How state officials can tackle sea level rise and flooding
Increasing funds for local infrastructure
Building infrastructure to reduce flooding saves money and protects citizens, but most towns can’t afford to pay for it on their own. It’s essential for the federal government to help local communities pay for protections against flooding today, rather than waiting for disasters to strike that cost taxpayers billions of dollars.
Federal and state governments can also get more from the money they are already spending by incentivizing smart planning. They can require projects that receive funding to protect against flooding and provide more funding to help them do so.
Protecting military bases
It’s important for the national government to understand the risks to major military bases and fund the projects necessary to protect them from flooding. Sixteen military bases on the East Coast will have flooding 100 times per year by 2050.14 This puts military readiness and equipment at risk.
Even when military bases take action to remain dry, flooded roads can keep service people from being able to reach the base to deploy. While some bases, like Langley Air Force Base in Virginia, are already taking action to protect against sea level rise, coordinated national action is needed to ensure all military bases are prepared.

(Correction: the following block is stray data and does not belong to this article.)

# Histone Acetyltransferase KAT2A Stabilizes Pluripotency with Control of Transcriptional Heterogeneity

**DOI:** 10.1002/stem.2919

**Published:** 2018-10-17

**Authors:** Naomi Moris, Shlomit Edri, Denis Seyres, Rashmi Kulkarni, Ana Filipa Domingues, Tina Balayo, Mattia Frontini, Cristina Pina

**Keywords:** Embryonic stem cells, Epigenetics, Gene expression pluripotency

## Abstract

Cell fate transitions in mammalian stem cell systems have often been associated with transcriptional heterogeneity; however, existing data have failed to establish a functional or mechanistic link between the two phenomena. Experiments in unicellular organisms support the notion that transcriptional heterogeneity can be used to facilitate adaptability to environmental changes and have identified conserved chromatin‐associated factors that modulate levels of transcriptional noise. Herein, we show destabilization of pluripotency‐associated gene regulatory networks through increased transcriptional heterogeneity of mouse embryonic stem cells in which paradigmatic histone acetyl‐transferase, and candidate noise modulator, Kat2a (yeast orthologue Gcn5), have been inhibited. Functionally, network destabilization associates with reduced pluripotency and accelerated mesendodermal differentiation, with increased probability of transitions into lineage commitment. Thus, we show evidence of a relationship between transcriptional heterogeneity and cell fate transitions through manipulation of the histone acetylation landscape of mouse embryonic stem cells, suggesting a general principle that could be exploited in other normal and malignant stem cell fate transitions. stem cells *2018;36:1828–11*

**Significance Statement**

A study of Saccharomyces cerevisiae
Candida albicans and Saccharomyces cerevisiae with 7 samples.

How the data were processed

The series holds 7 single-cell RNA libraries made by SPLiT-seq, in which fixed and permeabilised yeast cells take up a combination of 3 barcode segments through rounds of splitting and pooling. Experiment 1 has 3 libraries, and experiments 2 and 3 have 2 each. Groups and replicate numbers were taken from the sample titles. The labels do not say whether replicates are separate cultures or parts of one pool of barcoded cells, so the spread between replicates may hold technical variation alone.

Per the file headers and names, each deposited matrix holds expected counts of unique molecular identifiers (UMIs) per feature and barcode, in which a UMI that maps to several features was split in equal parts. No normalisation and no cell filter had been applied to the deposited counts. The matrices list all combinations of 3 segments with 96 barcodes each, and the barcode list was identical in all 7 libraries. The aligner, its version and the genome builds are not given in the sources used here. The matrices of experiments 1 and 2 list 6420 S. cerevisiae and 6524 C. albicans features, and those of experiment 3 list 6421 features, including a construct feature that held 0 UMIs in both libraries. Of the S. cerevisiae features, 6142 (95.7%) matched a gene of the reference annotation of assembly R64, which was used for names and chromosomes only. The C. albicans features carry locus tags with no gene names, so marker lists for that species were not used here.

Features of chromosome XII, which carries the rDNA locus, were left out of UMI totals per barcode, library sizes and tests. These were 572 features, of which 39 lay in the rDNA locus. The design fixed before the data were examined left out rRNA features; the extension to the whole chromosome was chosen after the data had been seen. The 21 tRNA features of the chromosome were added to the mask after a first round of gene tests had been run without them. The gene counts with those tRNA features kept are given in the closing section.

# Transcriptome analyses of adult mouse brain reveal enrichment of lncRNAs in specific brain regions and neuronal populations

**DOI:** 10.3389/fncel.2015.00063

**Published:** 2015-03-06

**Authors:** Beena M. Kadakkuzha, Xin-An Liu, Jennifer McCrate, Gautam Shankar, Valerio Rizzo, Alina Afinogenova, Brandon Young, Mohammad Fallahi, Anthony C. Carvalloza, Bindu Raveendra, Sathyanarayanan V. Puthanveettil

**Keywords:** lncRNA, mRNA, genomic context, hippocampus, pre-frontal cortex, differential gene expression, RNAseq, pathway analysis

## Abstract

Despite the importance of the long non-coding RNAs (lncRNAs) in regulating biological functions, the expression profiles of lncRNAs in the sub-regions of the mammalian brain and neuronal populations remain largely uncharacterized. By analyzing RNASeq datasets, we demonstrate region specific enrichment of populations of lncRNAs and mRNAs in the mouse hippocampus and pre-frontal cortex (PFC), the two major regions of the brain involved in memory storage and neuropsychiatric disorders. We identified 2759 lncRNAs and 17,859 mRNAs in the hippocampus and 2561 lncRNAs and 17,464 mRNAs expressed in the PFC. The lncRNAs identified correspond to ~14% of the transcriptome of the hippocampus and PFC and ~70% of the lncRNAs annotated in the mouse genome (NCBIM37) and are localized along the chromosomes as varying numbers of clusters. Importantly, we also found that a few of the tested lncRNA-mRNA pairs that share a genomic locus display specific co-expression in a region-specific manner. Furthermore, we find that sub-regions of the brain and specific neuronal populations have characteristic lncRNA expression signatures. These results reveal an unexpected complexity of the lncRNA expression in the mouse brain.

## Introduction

Hardwiring flood prevention into federal programs
The government already spends billions of dollars on disaster relief, affordable housing, and other programs that impact communities’ flood risk. With those same dollars, the government could protect communities from flooding and reduce spending for disaster relief. Proactive protection pays off—for every $1 spent on pre-disaster mitigation, $6 is saved in disaster relief.1
While the Department of Housing and Urban Development finances housing in every coastal state, these dollars could go further if states and developers were required to consider the risk of flooding in their plans. When rebuilding after disasters, infrastructure needs to build back stronger so communities can withstand future flooding.
Giving local communities the tools to plan smart
Many coastal communities are already taking action to combat flooding from sea level rise, but they need tools for better planning. Local communities rely on federal FEMA flood maps to understand their flooding risk and take action. Currently, around 15% of these maps have not been updated since the 1970s or 1980s, and none of the maps include sea level rise.
The federal government needs to update these maps to give local communities accurate data. Without accurate maps, it’s like asking local communities to fight sea level rise flooding with one hand tied behind their back. State and federal governments can also play an important role in understanding the country’s overall risk and coordinating efforts between communities.